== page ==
New York City has announced a major expansion of its electric car charging infrastructure, offering up to 1,000 new fast chargers from 2018.
The installation project will extend through 2020, and once complete will have added 50 fast-charging stations, spread across all five boroughs of the city.
Each station will offer up to 20 chargers, far more than the handful of chargers seen at existing public stations, and even at Tesla's Supercharger stations, which rarely exceed six chargers.
The stations will be built using a $10m (£7.4m) investment announced by New York City mayor Bill de Blasio, who said his city will "continue to invest in the new technologies we need to reduce our emissions, especially in the face of [President] Trump's abdication of leadership on climate.
"By helping develop the infrastructure necessary for electric vehicles, we're going to make it easier than ever for New Yorkers to switch."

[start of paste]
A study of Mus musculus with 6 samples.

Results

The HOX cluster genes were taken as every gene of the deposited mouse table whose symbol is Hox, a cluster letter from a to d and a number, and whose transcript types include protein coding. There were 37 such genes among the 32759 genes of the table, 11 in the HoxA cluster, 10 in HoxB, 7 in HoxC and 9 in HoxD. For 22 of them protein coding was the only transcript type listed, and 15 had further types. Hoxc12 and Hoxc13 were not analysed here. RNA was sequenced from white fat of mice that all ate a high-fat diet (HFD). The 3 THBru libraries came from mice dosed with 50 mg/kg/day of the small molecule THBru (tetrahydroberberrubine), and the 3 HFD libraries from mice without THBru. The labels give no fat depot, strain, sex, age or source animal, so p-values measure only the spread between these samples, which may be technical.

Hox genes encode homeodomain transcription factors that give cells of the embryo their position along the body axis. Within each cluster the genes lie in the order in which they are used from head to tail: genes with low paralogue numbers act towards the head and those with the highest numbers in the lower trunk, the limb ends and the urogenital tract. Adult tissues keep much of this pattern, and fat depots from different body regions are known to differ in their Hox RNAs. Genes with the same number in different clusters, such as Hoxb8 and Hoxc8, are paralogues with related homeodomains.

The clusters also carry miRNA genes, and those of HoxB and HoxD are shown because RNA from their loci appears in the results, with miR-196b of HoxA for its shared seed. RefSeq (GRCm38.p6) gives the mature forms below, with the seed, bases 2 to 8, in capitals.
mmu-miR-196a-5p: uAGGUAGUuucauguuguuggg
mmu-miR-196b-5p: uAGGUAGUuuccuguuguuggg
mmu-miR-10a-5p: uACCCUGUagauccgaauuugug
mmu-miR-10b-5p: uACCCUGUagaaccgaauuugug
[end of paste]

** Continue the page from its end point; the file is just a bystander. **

The key to this investment is that it involves fast chargers and not the so-called 'level two' chargers currently available at around 300 sites across New York City. Level two charging is only suitable for recharging a car overnight, as an hour or so over lunch or while shopping will do little to top up the battery of most electric vehicles.
Fast chargers are closer in performance to Tesla's Supercharger network, delivering a meaningful amount of driving range in under an hour. For now, NYC offers just 16 fast chargers, compared to 526 of the level two variety.
Although the US is yet to indicate when, if ever, a ban on the sale of new vehicles powered solely by internal combustion will happen, European nations are forging ahead on imposing such limitations. Germany plans to sell only hybrid and fully electric cars by 2030, while both France and the UK have pledged to end petrol and diesel car sales by 2040.
Meanwhile Norway, one of the largest electric vehicle markets, is hopeful of eliminating internal combustion sales by as soon as 2025.